An advance copy of this article appearing in the April 2006 issue of Vanity Fair can be read here.

The other shoe seems poised to drop in Washington, implicating perhaps a handful of senators and congressmen, as well as their staffs, relatives, and other public officials. The most obvious target is Ney. In their heyday, he and Abramoff played golf together, traveled together, philosophized together. Ney was one of the few elected officials Abramoff invited to the BarMitzvah of one of his three sons. Now Ney says that Abramoff “duped” and “misled” him. But, according to the plea agreement, Ney threw a lucrative contract to an Abramoff client, intervened with agencies and offices to seek favors for other Abramoff interests, helped a relative of one of Abramoff’s Russian clients obtain an American visa, agreed to introduce legislation that would help reopen the Tigua casino, and, to assist Abramoff in buying the SunCruz line, read two statements into the Congressional Record, one in which he described Abramoff’s main partner in that deal, Adam Kidan—a man who’d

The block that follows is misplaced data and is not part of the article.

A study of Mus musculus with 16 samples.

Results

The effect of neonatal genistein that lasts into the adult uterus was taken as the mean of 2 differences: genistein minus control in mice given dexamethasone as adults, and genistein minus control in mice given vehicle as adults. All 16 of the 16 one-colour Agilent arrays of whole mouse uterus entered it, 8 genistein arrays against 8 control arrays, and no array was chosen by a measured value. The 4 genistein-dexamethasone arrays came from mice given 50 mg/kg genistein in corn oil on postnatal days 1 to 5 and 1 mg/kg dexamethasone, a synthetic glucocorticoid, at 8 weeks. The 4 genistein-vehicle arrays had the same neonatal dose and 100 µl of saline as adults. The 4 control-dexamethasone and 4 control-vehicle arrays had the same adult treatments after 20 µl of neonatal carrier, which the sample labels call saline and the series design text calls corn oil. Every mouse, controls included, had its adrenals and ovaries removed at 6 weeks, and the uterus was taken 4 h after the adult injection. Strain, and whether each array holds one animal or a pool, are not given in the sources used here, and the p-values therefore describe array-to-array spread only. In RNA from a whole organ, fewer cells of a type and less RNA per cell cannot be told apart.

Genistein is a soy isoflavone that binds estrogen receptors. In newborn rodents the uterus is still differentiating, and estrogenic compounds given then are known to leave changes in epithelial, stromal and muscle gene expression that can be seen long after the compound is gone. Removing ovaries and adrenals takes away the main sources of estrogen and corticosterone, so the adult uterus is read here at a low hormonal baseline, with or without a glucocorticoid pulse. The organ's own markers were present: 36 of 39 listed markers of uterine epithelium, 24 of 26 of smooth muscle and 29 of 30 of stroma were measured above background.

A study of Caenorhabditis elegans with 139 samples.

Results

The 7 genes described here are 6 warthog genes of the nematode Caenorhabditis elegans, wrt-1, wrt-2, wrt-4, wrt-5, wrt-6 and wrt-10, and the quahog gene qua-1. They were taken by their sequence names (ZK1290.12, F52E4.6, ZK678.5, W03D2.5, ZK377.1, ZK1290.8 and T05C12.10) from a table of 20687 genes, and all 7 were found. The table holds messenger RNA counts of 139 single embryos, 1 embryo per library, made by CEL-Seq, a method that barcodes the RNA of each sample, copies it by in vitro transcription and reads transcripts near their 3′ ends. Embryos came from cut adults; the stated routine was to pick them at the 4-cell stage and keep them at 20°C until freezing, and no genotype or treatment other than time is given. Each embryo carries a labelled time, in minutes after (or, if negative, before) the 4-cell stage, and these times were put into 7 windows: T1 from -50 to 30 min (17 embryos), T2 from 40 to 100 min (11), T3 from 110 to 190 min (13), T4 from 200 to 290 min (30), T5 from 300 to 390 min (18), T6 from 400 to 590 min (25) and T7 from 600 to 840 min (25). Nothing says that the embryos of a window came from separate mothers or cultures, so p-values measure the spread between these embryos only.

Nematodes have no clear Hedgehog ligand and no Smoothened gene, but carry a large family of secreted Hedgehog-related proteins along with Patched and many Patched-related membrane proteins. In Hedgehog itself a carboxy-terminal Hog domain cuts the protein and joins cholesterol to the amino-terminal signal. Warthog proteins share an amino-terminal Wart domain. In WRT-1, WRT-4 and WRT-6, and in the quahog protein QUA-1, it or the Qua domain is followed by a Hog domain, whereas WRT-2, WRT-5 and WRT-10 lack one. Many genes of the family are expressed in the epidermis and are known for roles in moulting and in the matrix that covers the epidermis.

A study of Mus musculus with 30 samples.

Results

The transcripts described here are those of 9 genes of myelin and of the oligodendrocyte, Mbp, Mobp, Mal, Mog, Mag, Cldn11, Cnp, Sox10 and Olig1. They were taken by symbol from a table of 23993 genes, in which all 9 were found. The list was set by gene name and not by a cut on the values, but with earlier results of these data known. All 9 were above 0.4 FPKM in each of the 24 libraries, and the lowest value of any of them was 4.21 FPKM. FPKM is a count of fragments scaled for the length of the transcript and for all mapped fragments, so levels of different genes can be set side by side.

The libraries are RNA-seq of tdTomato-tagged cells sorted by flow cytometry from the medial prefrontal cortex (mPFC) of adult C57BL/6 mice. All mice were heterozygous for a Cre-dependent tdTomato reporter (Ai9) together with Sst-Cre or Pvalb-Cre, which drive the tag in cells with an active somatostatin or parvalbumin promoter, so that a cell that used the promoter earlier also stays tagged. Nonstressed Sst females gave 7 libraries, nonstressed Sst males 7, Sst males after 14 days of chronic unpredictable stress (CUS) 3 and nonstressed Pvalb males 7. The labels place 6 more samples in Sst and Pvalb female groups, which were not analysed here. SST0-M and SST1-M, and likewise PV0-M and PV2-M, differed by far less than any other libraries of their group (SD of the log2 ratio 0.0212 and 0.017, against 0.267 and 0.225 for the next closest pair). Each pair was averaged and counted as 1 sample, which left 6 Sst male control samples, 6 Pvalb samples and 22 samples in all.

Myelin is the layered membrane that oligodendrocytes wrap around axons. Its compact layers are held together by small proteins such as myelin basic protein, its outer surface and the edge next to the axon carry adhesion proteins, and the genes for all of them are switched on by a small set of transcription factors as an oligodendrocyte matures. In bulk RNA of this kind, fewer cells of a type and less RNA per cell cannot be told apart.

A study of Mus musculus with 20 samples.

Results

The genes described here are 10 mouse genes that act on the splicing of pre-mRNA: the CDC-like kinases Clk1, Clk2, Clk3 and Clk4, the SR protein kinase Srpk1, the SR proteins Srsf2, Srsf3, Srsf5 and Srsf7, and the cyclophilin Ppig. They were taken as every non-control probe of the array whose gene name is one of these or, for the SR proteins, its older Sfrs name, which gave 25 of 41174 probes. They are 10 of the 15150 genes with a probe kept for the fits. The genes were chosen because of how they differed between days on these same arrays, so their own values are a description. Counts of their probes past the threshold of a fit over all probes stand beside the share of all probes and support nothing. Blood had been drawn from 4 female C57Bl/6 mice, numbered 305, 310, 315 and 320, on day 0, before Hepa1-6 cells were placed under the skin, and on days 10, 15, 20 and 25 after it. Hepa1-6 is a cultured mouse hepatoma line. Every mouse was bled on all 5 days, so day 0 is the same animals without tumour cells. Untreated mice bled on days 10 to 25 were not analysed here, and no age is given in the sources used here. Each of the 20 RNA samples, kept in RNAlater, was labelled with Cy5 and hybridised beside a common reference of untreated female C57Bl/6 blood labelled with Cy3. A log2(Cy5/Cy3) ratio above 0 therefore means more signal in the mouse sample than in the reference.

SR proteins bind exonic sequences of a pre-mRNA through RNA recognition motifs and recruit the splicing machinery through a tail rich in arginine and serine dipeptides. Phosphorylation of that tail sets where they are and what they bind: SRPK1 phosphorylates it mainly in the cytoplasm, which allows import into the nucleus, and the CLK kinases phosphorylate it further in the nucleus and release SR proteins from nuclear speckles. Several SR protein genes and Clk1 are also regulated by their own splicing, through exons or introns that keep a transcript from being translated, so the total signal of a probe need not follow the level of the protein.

been disbarred, declared bankruptcy, and had Mob ties—as a man of the utmost

For such services, Ney, according to the plea agreement, got “a stream of things of value” from Abramoff and those he represented: a “lavish” golf trip to St. Andrews, seats in Abramoff’s sports boxes, freebie dinners at Signatures (Ney was a "sushiholic," one eyewitness recalls), and at least $37,500 in donations to various political-action committees on his behalf. Rather than go for Ney immediately, prosecutors appear to be encircling him, possibly striking plea deals with frightened staffers, themselves desperate to stay out of jail.